According to a recent interview with GameSpot, president of Nintendo of America Reggie Fils-Aime revealed that online chat would actually be handled using a smartphone app, as well as other online multiplayer services such as matchmaking and creating lobbies. Fils-Aime explains Nintendo’s reasoning:
We also think it’s a very elegant solution because if you’ve taken your switch on the go, you’ve put yourself in a hotspot, you’re looking at get a quick match of Mario Kart in, to whip out some sort of bulky, gamer headset is a bit of a challenge.
This begs the question, though: is the app an optional method for these online services, or is it the only way players will be able to chat and organize matches online? This question is especially pertinent considering that though the Switch launches in March, the app won’t become available to download until this summer.
There are some gamers who find the decision to make a smartphone app necessary for online multiplayer questionable, especially considering that competitor Microsoft has been providing gamers with online multiplayer since 2002 without the use of any other external hardware. There’s also concerns about children–Nintendo’s key demographic–not being able to play online with friends, as well as whether the app will end up eating through gamers’ phone data. Add to that the fact that gamers will eventually have to pay to use the online app, and it seems much more likely that gamers will end up using a free chat service like Skype instead.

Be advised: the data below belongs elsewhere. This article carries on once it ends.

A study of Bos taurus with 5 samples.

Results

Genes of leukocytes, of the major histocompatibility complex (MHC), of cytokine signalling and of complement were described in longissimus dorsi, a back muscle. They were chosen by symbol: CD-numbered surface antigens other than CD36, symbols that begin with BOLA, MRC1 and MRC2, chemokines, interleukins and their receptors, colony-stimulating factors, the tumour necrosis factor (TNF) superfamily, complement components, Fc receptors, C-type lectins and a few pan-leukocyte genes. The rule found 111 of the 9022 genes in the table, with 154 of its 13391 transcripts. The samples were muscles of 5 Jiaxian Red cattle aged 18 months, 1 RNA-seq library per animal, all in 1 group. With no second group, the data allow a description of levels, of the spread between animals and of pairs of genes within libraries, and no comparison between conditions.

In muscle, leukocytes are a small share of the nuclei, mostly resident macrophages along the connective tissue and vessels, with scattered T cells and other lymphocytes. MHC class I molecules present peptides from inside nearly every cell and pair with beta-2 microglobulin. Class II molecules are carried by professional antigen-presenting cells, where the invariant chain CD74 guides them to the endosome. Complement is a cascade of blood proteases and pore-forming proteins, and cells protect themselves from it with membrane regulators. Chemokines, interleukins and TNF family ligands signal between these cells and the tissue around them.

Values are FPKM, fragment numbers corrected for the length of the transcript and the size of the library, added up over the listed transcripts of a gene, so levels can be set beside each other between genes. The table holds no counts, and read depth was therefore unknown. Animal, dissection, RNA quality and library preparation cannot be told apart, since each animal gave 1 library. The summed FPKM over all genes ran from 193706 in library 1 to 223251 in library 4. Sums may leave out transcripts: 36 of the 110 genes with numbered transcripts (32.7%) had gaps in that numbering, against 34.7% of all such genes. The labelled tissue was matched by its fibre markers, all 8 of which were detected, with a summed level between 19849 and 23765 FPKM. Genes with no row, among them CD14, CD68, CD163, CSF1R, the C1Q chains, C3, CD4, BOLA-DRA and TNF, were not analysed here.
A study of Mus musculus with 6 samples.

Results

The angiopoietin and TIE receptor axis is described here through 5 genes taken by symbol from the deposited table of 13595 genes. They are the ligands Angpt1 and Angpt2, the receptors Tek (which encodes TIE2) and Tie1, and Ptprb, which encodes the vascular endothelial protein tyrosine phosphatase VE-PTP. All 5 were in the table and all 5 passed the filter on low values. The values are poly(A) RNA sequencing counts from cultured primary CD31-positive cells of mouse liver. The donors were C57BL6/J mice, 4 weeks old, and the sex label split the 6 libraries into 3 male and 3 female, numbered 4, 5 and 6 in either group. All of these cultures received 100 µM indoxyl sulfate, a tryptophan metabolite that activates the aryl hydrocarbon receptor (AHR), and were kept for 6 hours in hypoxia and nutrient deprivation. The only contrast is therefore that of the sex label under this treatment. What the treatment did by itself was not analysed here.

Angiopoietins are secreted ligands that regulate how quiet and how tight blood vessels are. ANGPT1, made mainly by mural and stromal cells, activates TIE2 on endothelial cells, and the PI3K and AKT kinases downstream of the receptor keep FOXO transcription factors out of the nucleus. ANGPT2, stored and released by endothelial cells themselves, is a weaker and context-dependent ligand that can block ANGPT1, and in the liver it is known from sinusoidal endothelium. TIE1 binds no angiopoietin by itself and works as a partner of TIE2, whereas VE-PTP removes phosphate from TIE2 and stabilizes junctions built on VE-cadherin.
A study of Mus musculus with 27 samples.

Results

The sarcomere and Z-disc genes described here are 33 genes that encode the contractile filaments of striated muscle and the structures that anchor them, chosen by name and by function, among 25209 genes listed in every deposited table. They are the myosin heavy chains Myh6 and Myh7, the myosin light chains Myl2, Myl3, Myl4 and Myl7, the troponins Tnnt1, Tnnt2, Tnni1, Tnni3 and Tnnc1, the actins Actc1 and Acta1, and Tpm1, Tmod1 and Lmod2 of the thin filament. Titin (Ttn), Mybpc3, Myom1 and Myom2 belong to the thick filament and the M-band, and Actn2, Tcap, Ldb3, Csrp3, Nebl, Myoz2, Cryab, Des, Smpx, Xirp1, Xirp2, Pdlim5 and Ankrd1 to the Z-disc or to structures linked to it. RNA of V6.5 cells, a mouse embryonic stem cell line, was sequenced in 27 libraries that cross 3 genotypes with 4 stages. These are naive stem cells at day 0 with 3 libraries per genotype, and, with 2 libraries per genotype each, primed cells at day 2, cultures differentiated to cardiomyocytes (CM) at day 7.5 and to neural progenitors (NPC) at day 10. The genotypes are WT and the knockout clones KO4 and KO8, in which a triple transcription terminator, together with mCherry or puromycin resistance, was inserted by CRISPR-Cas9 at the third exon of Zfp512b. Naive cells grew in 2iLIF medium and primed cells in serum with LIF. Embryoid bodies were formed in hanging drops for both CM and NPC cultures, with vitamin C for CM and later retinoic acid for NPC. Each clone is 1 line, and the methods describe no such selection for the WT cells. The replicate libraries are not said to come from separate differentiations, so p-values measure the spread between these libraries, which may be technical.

In another recent interview with Time, Fils-Aime revealed Nintendo’s not-so-inspiring “secret formula” for success, which basically boils down to “we make smart choices, and we are oftentimes lucky.” So far, the online smartphone app doesn’t seem to be a smart choice, so Nintendo better hope it gets very lucky if it wants players to pay for voice chat.